Prince Lvov has managed to reconstitute Russia’s Provisional Government. His cabinet is now formally supported by the Petrograd Soviet, several of whose leading figures accept ministries, including Tsereteli of the Menshevik faction of the Socialist Democrats. Kerensky meanwhile is promoted to war minister.
Miliukov, the former foreign minister, is sacked from the government. His addendum to the Soviet’s peace proposal had provoked uproar, making him a deeply unpopular figure. His supporters in the Kadets (the Constitutional Democrats) also leave the government and adopt a more oppositional stance. The Kadets had represented progressive elements within the pre-revolutionary elite but now their reactionary side becomes more apparent. They position themselves as the party of law and order, the true defenders of the Russian Empire from the revolutionary chaos engulfing it.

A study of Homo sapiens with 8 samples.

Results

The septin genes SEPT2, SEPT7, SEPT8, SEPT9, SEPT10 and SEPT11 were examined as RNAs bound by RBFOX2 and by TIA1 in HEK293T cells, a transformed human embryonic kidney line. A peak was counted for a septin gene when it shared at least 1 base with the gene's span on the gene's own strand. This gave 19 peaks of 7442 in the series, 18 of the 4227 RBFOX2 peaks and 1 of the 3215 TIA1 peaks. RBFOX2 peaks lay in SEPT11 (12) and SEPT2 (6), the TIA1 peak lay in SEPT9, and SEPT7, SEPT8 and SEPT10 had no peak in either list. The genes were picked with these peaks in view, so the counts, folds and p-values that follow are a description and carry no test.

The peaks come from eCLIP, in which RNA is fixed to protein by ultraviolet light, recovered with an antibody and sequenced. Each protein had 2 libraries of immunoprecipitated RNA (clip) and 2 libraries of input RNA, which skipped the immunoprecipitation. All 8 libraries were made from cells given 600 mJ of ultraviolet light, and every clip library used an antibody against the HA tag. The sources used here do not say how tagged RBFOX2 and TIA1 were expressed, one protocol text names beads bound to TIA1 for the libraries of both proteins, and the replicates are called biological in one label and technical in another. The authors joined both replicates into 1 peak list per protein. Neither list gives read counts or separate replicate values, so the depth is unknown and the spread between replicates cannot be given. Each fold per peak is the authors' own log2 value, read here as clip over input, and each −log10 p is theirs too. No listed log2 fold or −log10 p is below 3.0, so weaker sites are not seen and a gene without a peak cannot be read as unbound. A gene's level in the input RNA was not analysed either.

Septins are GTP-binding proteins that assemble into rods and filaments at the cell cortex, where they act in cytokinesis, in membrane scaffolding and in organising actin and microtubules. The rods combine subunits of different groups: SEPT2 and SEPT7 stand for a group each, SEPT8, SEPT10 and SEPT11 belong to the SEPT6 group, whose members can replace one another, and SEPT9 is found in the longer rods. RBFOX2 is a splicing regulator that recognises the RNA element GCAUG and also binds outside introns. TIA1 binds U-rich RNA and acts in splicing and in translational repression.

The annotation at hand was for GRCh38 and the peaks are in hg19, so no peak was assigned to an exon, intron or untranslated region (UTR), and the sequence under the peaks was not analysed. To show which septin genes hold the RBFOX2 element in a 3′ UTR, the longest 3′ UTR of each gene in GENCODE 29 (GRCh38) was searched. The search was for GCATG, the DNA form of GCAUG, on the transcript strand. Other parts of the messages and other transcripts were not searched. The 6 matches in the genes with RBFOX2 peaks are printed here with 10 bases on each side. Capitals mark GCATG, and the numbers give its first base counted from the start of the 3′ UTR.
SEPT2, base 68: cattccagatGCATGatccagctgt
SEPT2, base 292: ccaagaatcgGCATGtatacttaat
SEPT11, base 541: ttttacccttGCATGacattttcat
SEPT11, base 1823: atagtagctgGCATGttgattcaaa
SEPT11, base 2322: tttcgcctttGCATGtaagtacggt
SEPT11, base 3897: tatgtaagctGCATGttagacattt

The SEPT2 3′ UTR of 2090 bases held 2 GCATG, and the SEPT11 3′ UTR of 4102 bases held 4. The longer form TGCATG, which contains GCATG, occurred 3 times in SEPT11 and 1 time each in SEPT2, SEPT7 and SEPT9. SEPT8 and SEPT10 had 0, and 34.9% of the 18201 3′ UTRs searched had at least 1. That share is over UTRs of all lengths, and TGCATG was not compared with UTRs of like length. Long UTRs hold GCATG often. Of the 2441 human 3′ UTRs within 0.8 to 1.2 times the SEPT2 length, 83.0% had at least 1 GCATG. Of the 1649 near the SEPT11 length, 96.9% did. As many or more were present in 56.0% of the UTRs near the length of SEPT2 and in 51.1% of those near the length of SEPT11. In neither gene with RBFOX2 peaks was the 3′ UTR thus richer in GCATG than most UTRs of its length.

If Prince Lvov had hoped that bringing the Soviet leaders and Mensheviks into the government would be a moderating influence on the country at large, he is mistaken. Workers are emboldened by the arrival of socialist ministers and there is an upsurge in labour militancy. The Bolsheviks remain outside the government, hoping that they will be able to rally leftist opposition.
Meanwhile in the countryside, peasants have grown tired of waiting for government sanctioned land reform. Instead they are increasingly seizing and dividing up the big estates themselves. Delegates at the All-Russian Peasant Assembly endorse the seizure of the estates, legitimising the revolution in the countryside.